The Cyren Security Blog is where Cyren engineers and thought leaders provide insights, research and analysis on a range of current cybersecurity topics.

Domain Validation (DV) SSL Certificate used for PayPal Phishing

PayPal phishing using SSL certificateAs users become more aware of phishing and data theft, they become more cautious. Unfortunately as users become more cautious, attackers must become more devious. In a recent discovery, we found a phishing website that had been issued a valid SSL Certificate. SSL Certificates are small data files that activate the HTTPS protocol and allows secure connections between a web browser and a web server. Most users don’t realize that there are actually different levels of security when it comes to SSL certificates.

Different types of SSL certificates

SSL certificates come in different packages, but web certificates can be roughly classified into three categories:

  • Domain Validation (DV) SSL Certificates
  • Organization Validation (OV) SSL Certificates
  • Extended validation (EV) SSL Certificates

DV certificates can be acquired within minutes without sending any company paperwork and do exactly what the name suggests: It ensures that the domain name on the certificate is the one you’re actually visiting. This doesn’t actually provide a lot of assurance to tech-savvy users, but many people might feel a false sense of security upon seeing the green padlock in the browser. The only reason to have such a certificate is to ensure that the connection between the browser and the web server is private.

OV certificates on the other hand provide significantly more assurance. OV certificates validate not only the domain ownership but the organization information as well. Upon inspecting these certificates, one can be fairly certain that whatever the URL in the address bar, you are dealing with the company whose information is listed on the certificate.

EV certificates take it a step (or three) further – the organization is thoroughly vetted and audited yearly. These certificates do not only show the green padlock, but they tint the address bar (or a part of it) with green (in supported browsers). These certificates provide the highest level of assurance to the user. When visiting a site like PayPal, one should expect to encounter an EV SSL Certificate issued to PayPal, Inc.

Case study

With certificate use becoming more widespread and users trusting them more and more, it shouldn’t come to one’s surprise that cyber criminals are starting to employ certificates in their arsenal for online theft. In a recent discovery, we spotted a live example in the wild. The phishing site had a valid Domain Validation (DV) SSL certificate issued by GeoTrust. The certificate can be purchased for only $150 per year in a matter of minutes and apparently requires little to no validation from the issuer. It’s not difficult to spot this as a phishing site, but an unsuspecting user might simply notice the green padlock and https in the address bar and attempt to log in.

PayPal phishing with SSL certificate

It’s easy to see how someone could get duped into logging in at this page. Although the address bar looks dubious, the green padlock is present and clicking on it presents the user with reassuring icons and informative text. The attacker is exploiting the user’s trust and gullibility here, hoping that the user doesn’t question the domain name which has conveniently been validated with a certificate.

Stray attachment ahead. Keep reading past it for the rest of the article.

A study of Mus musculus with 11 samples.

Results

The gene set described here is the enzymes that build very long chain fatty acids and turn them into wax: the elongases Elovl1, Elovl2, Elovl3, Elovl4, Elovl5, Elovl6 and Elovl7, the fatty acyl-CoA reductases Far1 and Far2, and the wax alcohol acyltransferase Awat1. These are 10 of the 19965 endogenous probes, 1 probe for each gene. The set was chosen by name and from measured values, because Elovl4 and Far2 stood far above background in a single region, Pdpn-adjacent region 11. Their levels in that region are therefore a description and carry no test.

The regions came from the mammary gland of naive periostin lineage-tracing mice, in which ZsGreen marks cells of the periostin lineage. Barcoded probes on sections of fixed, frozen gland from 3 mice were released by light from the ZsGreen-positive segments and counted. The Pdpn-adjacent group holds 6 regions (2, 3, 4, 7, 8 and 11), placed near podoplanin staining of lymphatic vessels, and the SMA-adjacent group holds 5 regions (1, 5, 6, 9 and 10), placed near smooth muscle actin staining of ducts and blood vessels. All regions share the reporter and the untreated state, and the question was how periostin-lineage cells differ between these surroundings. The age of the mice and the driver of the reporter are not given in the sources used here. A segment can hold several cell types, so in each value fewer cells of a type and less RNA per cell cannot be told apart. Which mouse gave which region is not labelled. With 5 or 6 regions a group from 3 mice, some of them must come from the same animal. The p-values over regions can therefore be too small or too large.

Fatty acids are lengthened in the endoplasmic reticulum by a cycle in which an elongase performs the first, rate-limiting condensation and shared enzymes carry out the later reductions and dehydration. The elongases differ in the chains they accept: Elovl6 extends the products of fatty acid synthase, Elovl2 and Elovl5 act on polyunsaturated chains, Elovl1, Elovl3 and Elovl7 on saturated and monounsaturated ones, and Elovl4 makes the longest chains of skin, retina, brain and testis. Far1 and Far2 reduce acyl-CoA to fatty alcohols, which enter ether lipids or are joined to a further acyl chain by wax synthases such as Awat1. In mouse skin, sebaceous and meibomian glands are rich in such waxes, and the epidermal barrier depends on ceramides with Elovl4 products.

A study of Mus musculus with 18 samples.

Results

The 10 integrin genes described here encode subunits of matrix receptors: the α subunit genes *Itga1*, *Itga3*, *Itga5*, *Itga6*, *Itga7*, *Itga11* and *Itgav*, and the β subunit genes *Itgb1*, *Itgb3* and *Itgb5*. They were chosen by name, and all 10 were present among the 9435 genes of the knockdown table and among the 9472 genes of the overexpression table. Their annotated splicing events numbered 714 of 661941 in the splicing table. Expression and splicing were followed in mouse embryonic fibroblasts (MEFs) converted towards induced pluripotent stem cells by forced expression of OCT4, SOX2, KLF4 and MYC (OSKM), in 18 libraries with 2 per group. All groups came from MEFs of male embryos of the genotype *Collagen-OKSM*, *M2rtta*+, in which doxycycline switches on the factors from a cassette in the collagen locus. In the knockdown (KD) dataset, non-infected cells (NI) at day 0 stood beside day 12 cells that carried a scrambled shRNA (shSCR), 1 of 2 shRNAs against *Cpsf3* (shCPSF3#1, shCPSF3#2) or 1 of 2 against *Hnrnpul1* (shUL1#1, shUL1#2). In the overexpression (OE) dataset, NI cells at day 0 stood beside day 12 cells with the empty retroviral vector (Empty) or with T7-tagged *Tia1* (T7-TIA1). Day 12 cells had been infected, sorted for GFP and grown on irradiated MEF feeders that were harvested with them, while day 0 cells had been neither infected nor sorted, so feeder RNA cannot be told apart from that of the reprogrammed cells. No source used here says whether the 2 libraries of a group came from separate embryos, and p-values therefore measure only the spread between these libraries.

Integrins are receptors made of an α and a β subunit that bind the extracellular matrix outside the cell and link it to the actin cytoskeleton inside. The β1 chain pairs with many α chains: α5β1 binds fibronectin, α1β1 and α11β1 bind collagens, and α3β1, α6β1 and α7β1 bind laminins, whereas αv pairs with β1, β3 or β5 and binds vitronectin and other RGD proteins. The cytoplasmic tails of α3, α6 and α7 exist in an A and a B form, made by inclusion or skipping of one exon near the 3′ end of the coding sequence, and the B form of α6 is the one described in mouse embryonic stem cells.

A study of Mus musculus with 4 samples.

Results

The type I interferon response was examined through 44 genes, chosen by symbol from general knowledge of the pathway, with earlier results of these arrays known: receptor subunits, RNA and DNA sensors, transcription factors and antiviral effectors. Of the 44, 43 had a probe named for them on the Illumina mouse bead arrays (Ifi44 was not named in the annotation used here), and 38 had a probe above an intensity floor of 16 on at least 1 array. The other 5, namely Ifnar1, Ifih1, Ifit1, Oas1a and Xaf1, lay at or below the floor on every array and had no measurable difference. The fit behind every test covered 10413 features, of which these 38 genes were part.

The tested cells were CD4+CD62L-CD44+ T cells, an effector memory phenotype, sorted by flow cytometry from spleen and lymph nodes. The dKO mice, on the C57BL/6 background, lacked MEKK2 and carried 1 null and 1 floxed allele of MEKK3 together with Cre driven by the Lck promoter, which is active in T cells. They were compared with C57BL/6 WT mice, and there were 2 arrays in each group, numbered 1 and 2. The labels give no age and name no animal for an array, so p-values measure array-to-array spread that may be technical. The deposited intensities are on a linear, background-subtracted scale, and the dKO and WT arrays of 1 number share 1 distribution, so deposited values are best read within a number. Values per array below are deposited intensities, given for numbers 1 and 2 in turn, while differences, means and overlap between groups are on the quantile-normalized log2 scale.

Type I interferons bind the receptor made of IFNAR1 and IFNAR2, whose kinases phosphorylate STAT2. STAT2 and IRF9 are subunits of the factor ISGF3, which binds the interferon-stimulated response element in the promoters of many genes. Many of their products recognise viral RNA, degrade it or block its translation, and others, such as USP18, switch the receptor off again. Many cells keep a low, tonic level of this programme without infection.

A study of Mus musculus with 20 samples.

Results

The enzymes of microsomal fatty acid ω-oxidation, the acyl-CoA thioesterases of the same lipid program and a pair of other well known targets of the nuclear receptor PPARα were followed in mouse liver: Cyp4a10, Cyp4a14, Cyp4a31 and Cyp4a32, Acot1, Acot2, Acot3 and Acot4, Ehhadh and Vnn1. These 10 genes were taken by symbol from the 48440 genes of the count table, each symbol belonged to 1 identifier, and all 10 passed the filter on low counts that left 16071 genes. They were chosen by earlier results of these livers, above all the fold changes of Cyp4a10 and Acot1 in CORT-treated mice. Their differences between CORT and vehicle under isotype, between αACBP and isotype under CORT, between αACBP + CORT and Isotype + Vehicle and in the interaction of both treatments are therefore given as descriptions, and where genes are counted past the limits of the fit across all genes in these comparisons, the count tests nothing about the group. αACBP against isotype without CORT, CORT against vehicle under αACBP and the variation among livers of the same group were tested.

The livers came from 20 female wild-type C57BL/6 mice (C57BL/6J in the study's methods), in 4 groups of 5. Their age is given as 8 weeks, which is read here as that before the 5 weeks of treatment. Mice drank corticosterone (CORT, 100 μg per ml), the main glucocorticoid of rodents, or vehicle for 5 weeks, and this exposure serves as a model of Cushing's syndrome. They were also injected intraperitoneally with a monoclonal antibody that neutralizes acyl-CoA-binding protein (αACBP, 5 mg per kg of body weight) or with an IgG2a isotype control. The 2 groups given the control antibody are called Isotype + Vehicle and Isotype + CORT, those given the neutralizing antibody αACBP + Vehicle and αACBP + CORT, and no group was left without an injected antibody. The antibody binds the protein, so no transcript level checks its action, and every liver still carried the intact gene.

Careful inspection of the certificate shows that it is indeed valid, signed by the issuer and provides encryption via the HTTPS protocol. In fact, there is nothing other than a $150 payment that stops other phishing sites from purchasing their own DV SSL certificates.

Although this is not the first time that SSL certificates have been used by cyber criminals, it is interesting how easy it appears to have been for this phishing site to acquire a valid certificate. The domain name for this site was registered on June 26th and the certificate was issued on July 9th. In the past, cyber criminals have had to compromise already existing web sites in order to make use of their SSL certificates, but in this case it appears likely that the certificate was simply purchased. It would be interesting to hear the certificate issuer’s side of the story.

Preventing data theft

A simple way to stay protected from these kinds of attacks is to employ a web security product (like Cyren Web Security) which prevents users from accessing phishing sites even if they are SSL certified. If this is not possible for some reason, it is recommended to always manually inspect the SSL certificate before entering any details. The verification process is quite simple:

  • Verify that the domain name on the certificate (and in the address bar) is indeed the one you should be visiting.
  • Check what kind of certificate was issued (DV, OV or EV):
    • If a DV certificate was issued, think twice! If you’re doing business with a company or conducting financial transactions, you might want to be 100% sure that everything is in order before continuing.
    • If an OV certificate was issued, ensure that the registered company name on the certificate is what you would expect – this is the company that will receive your data.
    • If an EV certificate was issued, you’re probably good to go.

If you’re wondering whether or not you really need to check all these things, look at it this way: if you use the same username, email or password (or other details) ANYWHERE else, then entering it into a phishing site will potentially compromise any accounts that share even just some of these details. Also note that ever if you don’t press any submit button, the phishing site might employ scripts to harvest keystrokes in input boxes – so don’t type before you check!